Sunday, August 26th, 2012

Federal Regulations’ Impact On Manufacturing Severe and Growing

When plastics industry leaders met with Senators, Representatives, and Congressional staffers on July 25, 2012 during the SPI Congressional Fly-In, one of the key discussion topics was the continuing increase in federal regulations on U.S. manufacturing in general, and on the plastics sector in particular.

While most acknowledge that the burden created by  federal regulations is already heavy and continuing to grow, the details had not been well quantified until now. The Manufacturers Alliance for Productivity and Innovation (MAPI) commissioned NERA Economic Consulting to examine the qualitative and quantitative impacts of federal regulations on the U.S. manufacturing sector.

Not only are the negative impacts severe, and the number of regulations, both major and minor ones, has been rising steadily for some time, as is evident in this graph:

New Major & Non-Major Federal Regulations on Manufacturing, 1981-2012

Impact of Federal Regulations on U.S. Manufacturing, 1981-2012

The study reveals that U.S. manufacturers currently are subject to around 2,183 unique regulations created from 1981 to April 2012. There are 65 major (cost more than $100 million) and 755 non-major regulations directly related to  NAICS sector 32, which includes wood, paper, printing, petroleum, chemicals, and plastics businesses.

Since 1998, according the NERA report, the cumulative inflation-adjusted cost of compliance with major manufacturing-related regulations grew at an annualized rate of 7.6%. Over this same period, annual growth in the physical volume of manufacturing sector output averaged only 0.4%, while U.S. inflation-adjusted GDP growth averaged 2.2% a year.

From 1993 through 2011, 1,110 manufacturing new regulations were promulgated. The estimated cost of compliance for the manufacturing sector in that period was $1,353 billion, which was 1.4% of the $94,641 billion in manufacturing shipments during that period.

The MAPI/NERA study’s cost findings are based solely on major regulations because the federal government does not track costs of non-major regulations. However, since about 95% of all regulations are not major, NERA suggests that their aggregate cost burden could be as large as that of the major regulations.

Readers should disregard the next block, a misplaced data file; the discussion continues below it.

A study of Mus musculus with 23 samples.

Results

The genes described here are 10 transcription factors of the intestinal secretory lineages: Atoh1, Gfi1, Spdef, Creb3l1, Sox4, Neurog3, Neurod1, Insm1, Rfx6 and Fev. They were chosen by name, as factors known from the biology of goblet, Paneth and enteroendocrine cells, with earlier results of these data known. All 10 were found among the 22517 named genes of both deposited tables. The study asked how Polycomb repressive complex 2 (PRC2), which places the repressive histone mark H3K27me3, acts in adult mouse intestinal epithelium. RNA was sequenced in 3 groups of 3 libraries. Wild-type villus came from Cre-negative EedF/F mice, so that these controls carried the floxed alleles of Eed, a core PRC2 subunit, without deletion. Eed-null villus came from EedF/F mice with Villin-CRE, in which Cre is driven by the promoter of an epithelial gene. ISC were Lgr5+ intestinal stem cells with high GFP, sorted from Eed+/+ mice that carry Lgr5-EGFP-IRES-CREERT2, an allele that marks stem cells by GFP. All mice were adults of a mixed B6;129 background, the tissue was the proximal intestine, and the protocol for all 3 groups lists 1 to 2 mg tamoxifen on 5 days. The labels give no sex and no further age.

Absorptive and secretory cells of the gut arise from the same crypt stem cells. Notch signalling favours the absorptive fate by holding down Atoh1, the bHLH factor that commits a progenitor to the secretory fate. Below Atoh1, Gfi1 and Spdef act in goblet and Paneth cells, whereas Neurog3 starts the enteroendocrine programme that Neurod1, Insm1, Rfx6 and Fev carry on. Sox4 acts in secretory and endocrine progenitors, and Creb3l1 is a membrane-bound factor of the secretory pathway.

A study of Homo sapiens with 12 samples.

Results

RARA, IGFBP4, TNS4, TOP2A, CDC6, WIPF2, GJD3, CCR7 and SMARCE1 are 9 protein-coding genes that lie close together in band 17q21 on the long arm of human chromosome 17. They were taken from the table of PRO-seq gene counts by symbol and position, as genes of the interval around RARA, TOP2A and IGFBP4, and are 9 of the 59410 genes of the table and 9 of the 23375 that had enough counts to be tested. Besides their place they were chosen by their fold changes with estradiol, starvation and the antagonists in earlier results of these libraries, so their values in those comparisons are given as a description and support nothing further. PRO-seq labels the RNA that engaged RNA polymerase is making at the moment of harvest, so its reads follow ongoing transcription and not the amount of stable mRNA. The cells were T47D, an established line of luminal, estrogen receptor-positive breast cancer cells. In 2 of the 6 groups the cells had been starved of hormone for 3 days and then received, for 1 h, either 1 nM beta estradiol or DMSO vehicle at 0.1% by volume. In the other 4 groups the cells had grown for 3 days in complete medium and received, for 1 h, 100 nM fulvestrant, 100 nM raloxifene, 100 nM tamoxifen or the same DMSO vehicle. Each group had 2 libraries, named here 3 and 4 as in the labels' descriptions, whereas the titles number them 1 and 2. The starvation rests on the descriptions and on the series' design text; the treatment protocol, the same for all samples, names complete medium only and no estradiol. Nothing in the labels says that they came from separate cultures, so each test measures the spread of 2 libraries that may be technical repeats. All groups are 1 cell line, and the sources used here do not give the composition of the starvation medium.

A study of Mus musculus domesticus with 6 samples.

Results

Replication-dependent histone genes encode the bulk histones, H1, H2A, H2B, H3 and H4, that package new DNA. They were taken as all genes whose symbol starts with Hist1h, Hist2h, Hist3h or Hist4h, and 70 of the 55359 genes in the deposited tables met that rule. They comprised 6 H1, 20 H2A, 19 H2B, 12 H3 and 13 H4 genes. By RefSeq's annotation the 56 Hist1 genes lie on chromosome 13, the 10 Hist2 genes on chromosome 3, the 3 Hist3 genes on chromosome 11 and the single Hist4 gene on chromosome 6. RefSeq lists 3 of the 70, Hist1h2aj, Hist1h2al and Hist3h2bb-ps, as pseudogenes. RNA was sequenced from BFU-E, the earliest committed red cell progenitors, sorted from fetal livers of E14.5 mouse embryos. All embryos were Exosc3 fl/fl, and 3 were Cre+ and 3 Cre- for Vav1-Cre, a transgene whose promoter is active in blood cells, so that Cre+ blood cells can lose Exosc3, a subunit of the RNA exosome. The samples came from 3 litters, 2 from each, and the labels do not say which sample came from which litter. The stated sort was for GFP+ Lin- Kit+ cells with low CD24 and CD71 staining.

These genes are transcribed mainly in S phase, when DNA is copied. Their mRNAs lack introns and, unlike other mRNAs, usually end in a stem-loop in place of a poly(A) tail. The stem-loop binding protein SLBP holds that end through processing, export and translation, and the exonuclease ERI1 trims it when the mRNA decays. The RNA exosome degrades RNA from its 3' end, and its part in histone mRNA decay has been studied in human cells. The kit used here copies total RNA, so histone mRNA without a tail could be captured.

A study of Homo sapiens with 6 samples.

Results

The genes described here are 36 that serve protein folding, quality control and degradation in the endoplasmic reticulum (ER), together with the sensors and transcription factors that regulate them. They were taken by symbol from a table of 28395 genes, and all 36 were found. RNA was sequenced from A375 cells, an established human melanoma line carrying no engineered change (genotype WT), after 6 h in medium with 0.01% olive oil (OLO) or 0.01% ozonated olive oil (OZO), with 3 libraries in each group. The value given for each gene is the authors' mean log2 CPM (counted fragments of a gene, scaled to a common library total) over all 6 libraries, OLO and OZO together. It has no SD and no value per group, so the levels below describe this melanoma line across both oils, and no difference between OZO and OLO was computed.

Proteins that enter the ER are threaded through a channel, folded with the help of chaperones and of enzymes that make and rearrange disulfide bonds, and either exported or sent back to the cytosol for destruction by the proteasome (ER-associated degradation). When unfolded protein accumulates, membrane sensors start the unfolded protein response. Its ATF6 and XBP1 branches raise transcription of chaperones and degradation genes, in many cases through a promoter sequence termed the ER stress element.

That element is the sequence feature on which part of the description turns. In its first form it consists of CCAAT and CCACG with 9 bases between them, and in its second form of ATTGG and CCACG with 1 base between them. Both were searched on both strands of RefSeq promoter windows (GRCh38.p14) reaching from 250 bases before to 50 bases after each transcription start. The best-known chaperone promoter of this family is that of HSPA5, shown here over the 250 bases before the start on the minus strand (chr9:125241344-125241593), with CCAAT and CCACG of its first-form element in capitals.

The agencies generating the highest regulatory costs for manufacturers from 1993 to 2011 were:

  1. Environmental Protection Agency  — $117 billion
  2. Department of Transportation — $25 billion
  3. Department of Health & Human Services — $10 billion
  4. Department of Homeland Security — $7 billion
  5. Department of Energy — $5 billion
  6. Department of Labor — $3 billion

 Plastics Industry Is Hit Hard

While SPI President & CEO Bill Carteaux was attending a briefing on the MAPI/NERA Regulations Impact Report last week, he tweeted out two of the plastics-related stats that, for obvious reasons, jumped out at him. Federal regulations will reduce the output of the plastics sector by almost 6% over the next decade and cost the industry more than $10 billion in 2012 alone. And regarding America’s critical foreign trade balance, federal regulations will reduce plastics sector exports by almost 18% in 2012 alone.

Since federal regulations still are on the increase, their impacts are sure to continue past the end of this year. For a detailed picture, you can download

the full NERA study from the MAPI website. While we can’t call it enjoyable reading, we nonetheless recommend it highly, and sincerely thank MAPI and NERA for the excellent research and report.